Monday, August 25, 2014

not scorched but scoured

Marc took the boys home Saturday while I was working at the antique store. He needed to go by a hardware store (the one here closes at noon) so he went inside the Loop to the neighborhood store where we shopped when we lived in the city. Afterwards he drove by the old homestead.

This is what he saw:

Almost 40 years of living. Wiped. Off the. Fucking. Face. Of the. Earth. With one exception...the magnolia tree we planted is still there.

Even the sidewalk we wrote in when the cement was still wet is gone.

So many plants I couldn't amazing bougainvillea, yellow angel trumpet (got cuttings), hummingbird bush, crepe myrtle, camphor tree, plumbagos, yesterday today and tomorrow (dug up some), ferns (dug up two), a large star of india (dug up a small one), flowering vines (dug up two), banana trees (dug up some), a heritage rose (dug up two small ones where the branches took root, one of which has already bloomed a single flower), aspidistra (got some), turk's cap (dug some up)... I think I got all the bulbs of various kinds and all the ginger. I got the mexican bird of paradise and the beauty berry and they are doing well. Others, like the star of india and the yesterday, today, and tomorrow, the jury is still out. And I'm sorry about all the little creatures who lost their homes.

Here's a little pictorial of the house over the years.

Late 1970s when we were first living in the house. I bought it in 1975 and the kids were born in 1977 and 1979. This might be pre-kids. The picture was in color but it had turned pink. Looks better as black and white.

Mid-80s. I can't tell how old Sarah is there, maybe 8 which would make this 1985.

2003. By now Sarah and her family were living next door and we had moved the turtle from the back yard to the front. I'd gotten rid of most the grass. We had removed the skirt to have the house leveled which turned out to be a big mistake and we never got around to putting the skirt back on.

2003. The view from the kid's driveway and the path the grandkids took to our door.

Also in 2003, we had to rebuild the shop as termites had eaten up a lot of the framing. We did this one wall at a time, propping up the roof as we went. That's when we moved the sandblast room out of the shop and onto the driveway. Once we had all four walls framed, we tore off the metal roofing and replaced a good deal of the roof boards. Then we put on all new metal siding, the insulated and sheetrocked the inside. We did it all ourselves, he and I. In this picture, we have just finished re-cladding the shop and roof but not done any of the interior work yet. This is the end that faced the little back yard. The front faced the driveway.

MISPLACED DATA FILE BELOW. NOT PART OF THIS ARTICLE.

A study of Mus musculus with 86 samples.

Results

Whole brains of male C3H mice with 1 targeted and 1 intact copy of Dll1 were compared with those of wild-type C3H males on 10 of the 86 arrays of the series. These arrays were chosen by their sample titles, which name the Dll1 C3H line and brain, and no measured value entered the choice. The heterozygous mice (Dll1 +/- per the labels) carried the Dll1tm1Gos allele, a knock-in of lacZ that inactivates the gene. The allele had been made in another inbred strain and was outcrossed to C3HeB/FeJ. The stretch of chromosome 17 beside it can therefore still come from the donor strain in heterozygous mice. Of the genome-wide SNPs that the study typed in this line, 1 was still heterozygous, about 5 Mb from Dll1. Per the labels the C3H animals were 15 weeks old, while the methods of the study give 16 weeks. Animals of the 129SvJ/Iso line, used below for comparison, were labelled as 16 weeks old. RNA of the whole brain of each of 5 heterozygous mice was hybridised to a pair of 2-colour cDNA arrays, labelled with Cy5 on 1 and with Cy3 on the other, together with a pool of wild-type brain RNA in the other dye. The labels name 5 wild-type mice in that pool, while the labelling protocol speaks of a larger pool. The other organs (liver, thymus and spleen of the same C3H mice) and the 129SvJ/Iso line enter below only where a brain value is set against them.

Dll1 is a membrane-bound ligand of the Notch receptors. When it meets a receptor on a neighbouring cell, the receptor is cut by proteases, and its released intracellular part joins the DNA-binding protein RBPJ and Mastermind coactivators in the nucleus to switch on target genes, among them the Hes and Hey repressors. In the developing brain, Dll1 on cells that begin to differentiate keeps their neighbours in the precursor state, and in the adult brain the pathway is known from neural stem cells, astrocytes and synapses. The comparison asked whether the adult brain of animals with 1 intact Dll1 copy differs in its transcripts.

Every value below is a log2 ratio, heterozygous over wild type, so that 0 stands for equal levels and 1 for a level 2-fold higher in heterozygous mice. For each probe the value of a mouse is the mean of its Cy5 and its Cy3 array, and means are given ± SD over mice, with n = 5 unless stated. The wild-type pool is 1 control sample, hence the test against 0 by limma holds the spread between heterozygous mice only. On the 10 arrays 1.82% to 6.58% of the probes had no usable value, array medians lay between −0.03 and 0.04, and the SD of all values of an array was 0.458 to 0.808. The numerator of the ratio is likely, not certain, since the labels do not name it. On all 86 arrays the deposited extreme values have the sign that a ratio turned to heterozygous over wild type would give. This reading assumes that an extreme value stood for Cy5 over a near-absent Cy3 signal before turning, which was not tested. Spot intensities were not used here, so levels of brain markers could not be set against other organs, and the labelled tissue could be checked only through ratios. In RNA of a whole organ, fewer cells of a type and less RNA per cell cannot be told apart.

2012. We had been moved out for two years, coming in only to work which wasn't often and the house was showing the neglect. Our son and Daughter-in-law moved in and revived it a bit but they also took out the front flower bed which didn't have all that much in it since we had taken everything to the country.

2014. We sold the property.

This is what it looked like from the street the last time I saw it. Well, except for the torn up driveway where they disconnected the house from the main sewer line.

Marc asked me last night if seeing the picture made me sad. And yeah, a little maybe. Mostly it was just a shock even though I knew ultimately it would be torn down.

It's mostly weird that after 64 years I no longer have a home in Houston. Not that I want to live there again but I always had a base of operations when I was there.

I have bigger fish to fry now with the new shop than to dwell on what I let go.


  1. it is hard to take, i am certain. so many memories of life and hard work, there.

  2. Wow, Ellen. I don't know if I could be as good at letting as you are. I'm so glad you got so many cuttings and rootings. So glad. That's real life and you are keeping it alive and may it all thrive where you are now.

  3. We still drive by the house in the city where we raised our kids. Happily, it hasn't changed too much. Like you, I have no desire to go back, but still. . . .
    Seeing that empty lot must have been wrenching.

  4. One last trip down memory lane and set the book aside to return from time to time. Lots of good memories, and now your grands can tell their kids "It was really cool here when our house was next to grandma's and grandpa's."

  5. A little reminiscent of the house in Briar Hollow, no?

  6. Might make you a little sad, but no one can take those memories away. Onward ......

    I have been strolling down memory lane with my dad on my visits. I am so happy to be able to spend this time with him, but it is so hard and so sad.

  7. All those plants would have been hard to give up.

  8. That’s devastating :(

    At least the wonderful memories live on.

  9. I can understand how you feel about this. It’s bad enough when you move on and somebody does things to your house which you would never have done yourselves but when it gets totally eradicated like this that must be hard.

    Be happy that you have a new place to love and make into your own.

  10. I once lived in a divey place in a snooty area. Last year when I took a trip down memory lane, I couldn't find it. Because it had been leveled. Just grass.

  11. Thirty years ago we were renovating the porch on our house, turning it into a room that could be heated. A woman walked by, came up the driveway, and smiled when she said she had once lived in our house. That was all - she just wanted to connect for a moment. Your photo journal of your house is similar to the photos we have of our house over the years. And you're right about focusing on life now instead of what's been let go, which seems to be a lesson I need to learn over and over again.

  12. Oh ouch. I'm sorry for the shocking sight. I can only imagine how that must feel. Hang onto the wonderful memories you have.. those can't be razed.